The Great Geek Refuge
"Don't be a juicebag"


Sometimes we have an opinion about the goings on in our world. Check them out right here. 

Equality Is Always A Priority

by Mike W Lunsford   


     GGR, in it's brief history, hasn't really made much of an impact on the internet. I get that. We're small potatoes. We pride ourselves on being a place that everyone can enjoy, regardless of religion, creed, race or gender. There is NEVER a reason to disparage anyone for those reasons. We may not have a loud voice on the internet yet, but we do have a voice and as a wise man once said, "if you stand for nothing, then you'll fall for anything."

The Weasel is a wise man, buuuuuuuuuuuuuddy. 

The Weasel is a wise man, buuuuuuuuuuuuuddy. 

     The world is changing, and at warp speed. I understand that most of the time, the comments you make on the internet give you the illusion of anonymity. You'll say things online that you wouldn't necessarily say in person (unless you love saying things for the sake of shock value).   Twitter, Facebook and other social media outlets have given the masses an unprecedented bravado to tell celebrities that they suck and that's just the mostly innocent comments. Those are so harmless they've become fodder for late night talk shows. But there is a dark side to this "I can say whatever I want for the lols" mentality. This swagger has spawned a frightening trend of violent threats towards those who don't agree. And...unfortunately...most of the vitriol is pointed squarely at women. 

     For a while, it really seemed like it was getting better. I spoke with a female gamer named Debbie about all of this: "When I used to play Gears of War 8 years ago, it mattered if you were a chick. Now, when I play World of Warcraft, you can't tell who is a girl and who is a guy. (It) depends on the gaming forum. I've only had someone bully me once and it was in the middle of a dungeon. The surprising thing was that all the other players ganged up against the dude that was a bully to defend me. Its def better now." She reminded me that the gaming community used to self-police this sort of thing and she even said that it is much better now than it was years ago for women to play video games. Then GamerGate happened, and it set back the progress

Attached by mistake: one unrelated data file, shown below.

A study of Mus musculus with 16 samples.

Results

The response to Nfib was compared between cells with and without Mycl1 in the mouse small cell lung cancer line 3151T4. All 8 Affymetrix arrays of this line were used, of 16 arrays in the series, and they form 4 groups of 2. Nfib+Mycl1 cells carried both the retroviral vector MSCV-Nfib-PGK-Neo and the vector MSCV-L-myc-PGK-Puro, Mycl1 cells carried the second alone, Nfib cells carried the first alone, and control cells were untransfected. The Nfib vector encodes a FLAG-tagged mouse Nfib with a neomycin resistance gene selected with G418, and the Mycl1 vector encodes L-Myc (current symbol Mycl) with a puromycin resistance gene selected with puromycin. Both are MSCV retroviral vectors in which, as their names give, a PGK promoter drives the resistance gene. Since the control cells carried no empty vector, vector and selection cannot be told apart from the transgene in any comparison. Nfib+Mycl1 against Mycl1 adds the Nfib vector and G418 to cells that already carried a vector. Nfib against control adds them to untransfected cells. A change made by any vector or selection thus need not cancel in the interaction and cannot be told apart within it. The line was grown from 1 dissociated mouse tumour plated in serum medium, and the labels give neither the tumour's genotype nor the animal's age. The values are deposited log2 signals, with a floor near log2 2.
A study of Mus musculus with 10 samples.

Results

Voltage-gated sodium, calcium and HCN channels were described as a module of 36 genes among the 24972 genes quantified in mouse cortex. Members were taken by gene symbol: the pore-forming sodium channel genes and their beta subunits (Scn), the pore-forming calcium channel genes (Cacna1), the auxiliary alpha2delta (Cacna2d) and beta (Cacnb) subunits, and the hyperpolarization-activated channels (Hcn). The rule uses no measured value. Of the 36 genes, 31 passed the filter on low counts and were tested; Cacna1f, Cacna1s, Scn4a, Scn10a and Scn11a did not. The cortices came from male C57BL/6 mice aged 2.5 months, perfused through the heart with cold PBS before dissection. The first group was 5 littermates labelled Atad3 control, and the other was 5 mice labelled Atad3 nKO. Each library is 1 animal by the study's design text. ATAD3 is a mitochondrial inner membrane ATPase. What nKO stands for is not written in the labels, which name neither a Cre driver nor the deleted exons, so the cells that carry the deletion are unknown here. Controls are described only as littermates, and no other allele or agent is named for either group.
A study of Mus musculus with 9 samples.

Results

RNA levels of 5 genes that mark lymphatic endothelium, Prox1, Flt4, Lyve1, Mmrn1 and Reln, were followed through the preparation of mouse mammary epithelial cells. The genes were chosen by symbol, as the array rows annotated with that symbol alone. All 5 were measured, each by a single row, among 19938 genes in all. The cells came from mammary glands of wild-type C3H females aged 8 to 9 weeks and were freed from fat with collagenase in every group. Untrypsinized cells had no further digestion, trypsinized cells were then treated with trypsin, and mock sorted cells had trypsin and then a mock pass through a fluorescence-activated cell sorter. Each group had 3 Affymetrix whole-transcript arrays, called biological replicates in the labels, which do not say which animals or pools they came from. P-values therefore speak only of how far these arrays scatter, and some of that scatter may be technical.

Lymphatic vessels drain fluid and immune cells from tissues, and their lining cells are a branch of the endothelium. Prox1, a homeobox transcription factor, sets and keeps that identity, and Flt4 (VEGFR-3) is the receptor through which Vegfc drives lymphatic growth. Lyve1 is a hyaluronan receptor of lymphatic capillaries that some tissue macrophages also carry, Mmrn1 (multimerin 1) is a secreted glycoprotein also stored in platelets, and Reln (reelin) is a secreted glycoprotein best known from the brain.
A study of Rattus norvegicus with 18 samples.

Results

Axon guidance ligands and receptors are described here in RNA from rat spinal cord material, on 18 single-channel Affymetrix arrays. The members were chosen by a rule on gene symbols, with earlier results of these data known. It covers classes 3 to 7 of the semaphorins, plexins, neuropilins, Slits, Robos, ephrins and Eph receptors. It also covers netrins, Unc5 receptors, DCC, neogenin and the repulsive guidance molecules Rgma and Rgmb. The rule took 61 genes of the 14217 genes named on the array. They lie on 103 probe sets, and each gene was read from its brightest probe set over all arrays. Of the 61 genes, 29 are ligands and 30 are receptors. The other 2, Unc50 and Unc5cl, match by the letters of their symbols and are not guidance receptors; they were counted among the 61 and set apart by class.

I try not to get outraged when it comes to the things that are on the internet, but I think that is part of the issue. As a culture, we have become desensitized to the violent and horrible threats. People will shoo the comments away, "Oh, they're just running their mouth. Don't pay any attention to it." The problem with that mindset is you're enabling people to believe that telling others to shut up or you will do x, y, or z is perfectly acceptable. Ignoring the comments and moving on only works in certain circumstances. And for most women who DARE to have an opinion, ignoring the threats isn't so easy. As a female friend stated to me, "YOU can say whatever you want, you're less likely to be doxxed." This particular friend is an elementary school teacher and has to constantly worry about people potentially finding her information. It's awful to think that people can't speak their minds because someone who doesn't agree with them has the means to publicly embarrass them or harass them. And this is all about video games. VIDEO GAMES! Let that sink in for a moment; women are being harassed and terrorized because they stood up in solidarity for other women who received rape and murder threats while working in the video game industry. Talk about not having your priorities in order! 

If you don't understand what the hell I'm talking about, here's a simulated conversation:

Female Video Game Reporter: I really like the new Mario game. Nintendo sent me a free copy!


Female Video Game Reporter: That's essentially terrorism! 

Male Gamer: You should have been an ethical reporter. That'll teach you.


     The problem with all of this is that no matter the reason for the outrage, from either side, if an extremist does something outlandish and doxxes an opponent or threatens them on twitter with violence, that immediately takes any legitimacy away from the other sides argument. It's called "poisoning the well." It doesn't matter any more that there may have been a legitimate argument for ethics in video game reporting, it's been completely ruined by the extremists. It's our job as HUMANS who feel that all people have equal rights to stand up and say something. If you really want your cause for ethical journalism in video game reporting to be heard, drop the hashtag. Distance yourself from what has now become a disgusting display of ignorance and hatred. None of us are so naive that we think everyone will agree with us. Hell, we may even get ridiculed for our beliefs, even get called stupid...but there is a line and as Captain Jean Luc Picard so eloquently said...

I'm not going to sit down and just shrug my shoulders and say, "Welp...that's the internet!" Eff that noise! This is why I created GGR! Everyone deserves a voice. EVERYONE. And GGR might just be a small speck in the great World Wide Web, but all are welcome. Thank you, and may the Force be with you.